M&A

Resistance Is Not Futile, for BEA

Oracle finally gobbles up the hot software property by lifting the price to $8.5 billion, nearly four months after the first bid was rejected.
Stephen TaubJanuary 16, 2008

After three months of negotiations, Oracle Corp. struck a deal to acquire BEA Systems for about $8.5 billion, including $1.3 billion of cash on hand at BEA.

The $19.375-a-share price, which offers a premium of 24 percent over the BEA Tuesday closing price, also represents more than a $2 boost from the price Oracle offered last October, when BEA rejected the combination.

“We expect this deal to be accretive to Oracle’s earnings by at least one-two cents on a non-GAAP basis in its first full year after closing,” said Oracle President and Chief Financial Officer Safra Catz.

“The addition of BEA products and technology will significantly enhance and extend Oracle’s Fusion middleware software suite,” said Oracle CEO Larry Ellison.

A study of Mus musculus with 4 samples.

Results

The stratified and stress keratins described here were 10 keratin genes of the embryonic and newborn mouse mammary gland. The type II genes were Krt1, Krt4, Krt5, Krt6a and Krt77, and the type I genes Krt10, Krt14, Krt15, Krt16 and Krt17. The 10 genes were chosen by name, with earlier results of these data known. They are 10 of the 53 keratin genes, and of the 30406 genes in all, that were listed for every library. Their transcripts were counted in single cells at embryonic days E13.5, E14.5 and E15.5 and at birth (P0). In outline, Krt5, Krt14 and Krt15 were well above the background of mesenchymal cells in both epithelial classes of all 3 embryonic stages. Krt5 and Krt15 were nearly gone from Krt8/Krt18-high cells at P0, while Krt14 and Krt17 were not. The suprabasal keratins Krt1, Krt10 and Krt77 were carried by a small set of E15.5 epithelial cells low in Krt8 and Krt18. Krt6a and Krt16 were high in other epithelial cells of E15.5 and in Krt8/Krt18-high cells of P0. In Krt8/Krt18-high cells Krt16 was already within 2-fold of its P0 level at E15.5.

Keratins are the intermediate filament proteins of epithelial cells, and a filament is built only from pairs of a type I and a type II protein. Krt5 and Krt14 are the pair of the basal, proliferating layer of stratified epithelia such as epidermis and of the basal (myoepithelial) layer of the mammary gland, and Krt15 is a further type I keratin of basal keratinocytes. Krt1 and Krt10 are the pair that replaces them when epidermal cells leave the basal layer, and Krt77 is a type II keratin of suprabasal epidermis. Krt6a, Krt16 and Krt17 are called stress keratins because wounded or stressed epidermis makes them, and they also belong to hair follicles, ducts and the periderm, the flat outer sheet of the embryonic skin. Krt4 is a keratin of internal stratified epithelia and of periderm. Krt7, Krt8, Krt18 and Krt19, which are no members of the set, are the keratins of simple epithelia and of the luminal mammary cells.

The deal vindicates the decision by BEA management to hold out for more after a Oracle submitted its unsolicited offer of $17 per share, or $6.7 billion, last fall.

When the deal closes, Oracle would further solidify its leadership position in the software that underlies Corporate America’s business transactions. Indeed, Oracle has spent the past three years shelling out about $25 billion to buy more than 35 companies, including Hyperion Solutions and PeopleSoft, in its plan to overtake SAP in sales of business applications, according to published reports.

BEA is considered a leader in “middleware,” which helps a company’s various applications run together. BEA’s software supports such business activities as billing, supply-chain management, and securities trading by bridging those programs with such back-end systems as databases. Its customers crave its software for helping them conduct more transactions over the Internet.

There had been speculation that such companies as IBM or Hewlett-Packard, in addition to SAP, were considering making their own competing bids for BEA.

“Oracle Fusion middleware has an open “hot-pluggable” architecture that allows customers the option of coupling BEA’s WebLogic Java Server to virtually all the components of the Fusion software suite,” said Ellison. “That’s just one example of how customers can choose among Oracle and BEA middleware products, knowing that those products will gracefully interoperate and be supported for years to come.”